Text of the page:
Jan 29

Looking for the Right Music for San

I want to dance San from Princess Mononoke.  I want to show her as the warrior princess, proud and unhesitating, desperately fighting for the way of the forest and the forest beings she knows and loves.

I need music for her.


The theme from Princess Mononoke is much too slow, meandering, and reflective (if not downright schmaltzy) for a warrior princess.  The Legend of Ashitaka, while a beautiful piece of music, lacks the fire I’m looking for.  Ta Ta Ri Gami has the fire, but is too repetitive and lacks a sufficiently resolved resolution, musically speaking, for a good stand alone routine.  And while I might have been able to cut and blend Legend of Ashitaka and Ta Ta Ri Gami into a medley, neither struck quite the spark to put in the work for a  good cut (good in this case meaning unnoticeable unless you are very familiar with the music)


So I’ve been listening to a lot of music, trying to find just the right thing.  It has to have fire.  It has to have PG lyrics, if it has lyrics.  It should probably not be more of my favorite soprano-led symphonic metal groups.  I don’t want an entire show sounding the same, no matter how much I love that sound.


Nor should it be music that “belongs” too strongly to another character or story already.  (Alas, all that music from Legend of Zelda that would fit all my requirements!)  It has to be distinctly varied musically while still being fairly short, or cut-able to 5 minutes or less.  (Other dance disciplines can have 20 minute dance items; an aerial routine that is not primarily sitting on the apparatus cannot.)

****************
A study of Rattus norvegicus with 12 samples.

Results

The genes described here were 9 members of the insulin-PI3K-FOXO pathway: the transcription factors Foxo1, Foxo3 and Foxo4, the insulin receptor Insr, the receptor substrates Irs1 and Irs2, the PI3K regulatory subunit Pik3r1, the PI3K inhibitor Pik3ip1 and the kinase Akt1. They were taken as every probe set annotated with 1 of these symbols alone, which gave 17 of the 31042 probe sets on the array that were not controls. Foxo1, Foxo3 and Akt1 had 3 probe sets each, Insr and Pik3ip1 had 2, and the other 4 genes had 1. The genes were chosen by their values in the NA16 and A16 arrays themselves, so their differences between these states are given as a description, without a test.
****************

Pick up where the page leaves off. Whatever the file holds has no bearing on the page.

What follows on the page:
I have been severely tempted by a haunting remix from Deus Ex, courtesy of Overclocked Remix, and by Rimsky-Korsakov’s Grand Russian Easter Overture, among others.  Both have great melodies.  The first is a good pace for one person to keep up with, more subdued than I wanted, but with a driving bass line and a good amount of variation in the treble line and ornamentation.  The second goes from grim, with solo horn calls, to extremely fast and triumphant development and resolution sections for the entire orchestra.  Fast and loud and highly structured: just what I love.  But Grand Russian Easter Overture is really too fast, too much for one person, even cut to 5 minutes.  There’s so much in the music, I can’t possibly do it all justice by myself (this is why I’ve never tried dancing a fugue solo.  One person cannot dance all the voices.)  Back to the drawing board.


Finally, after spending too much time clicking around Youtube links, I will be dancing San to some of Adrian von Ziegler’s Celtic Collection II.  Not as dark and angry as I’d originally planned, but I think I can make it work for a fiery warrior princess.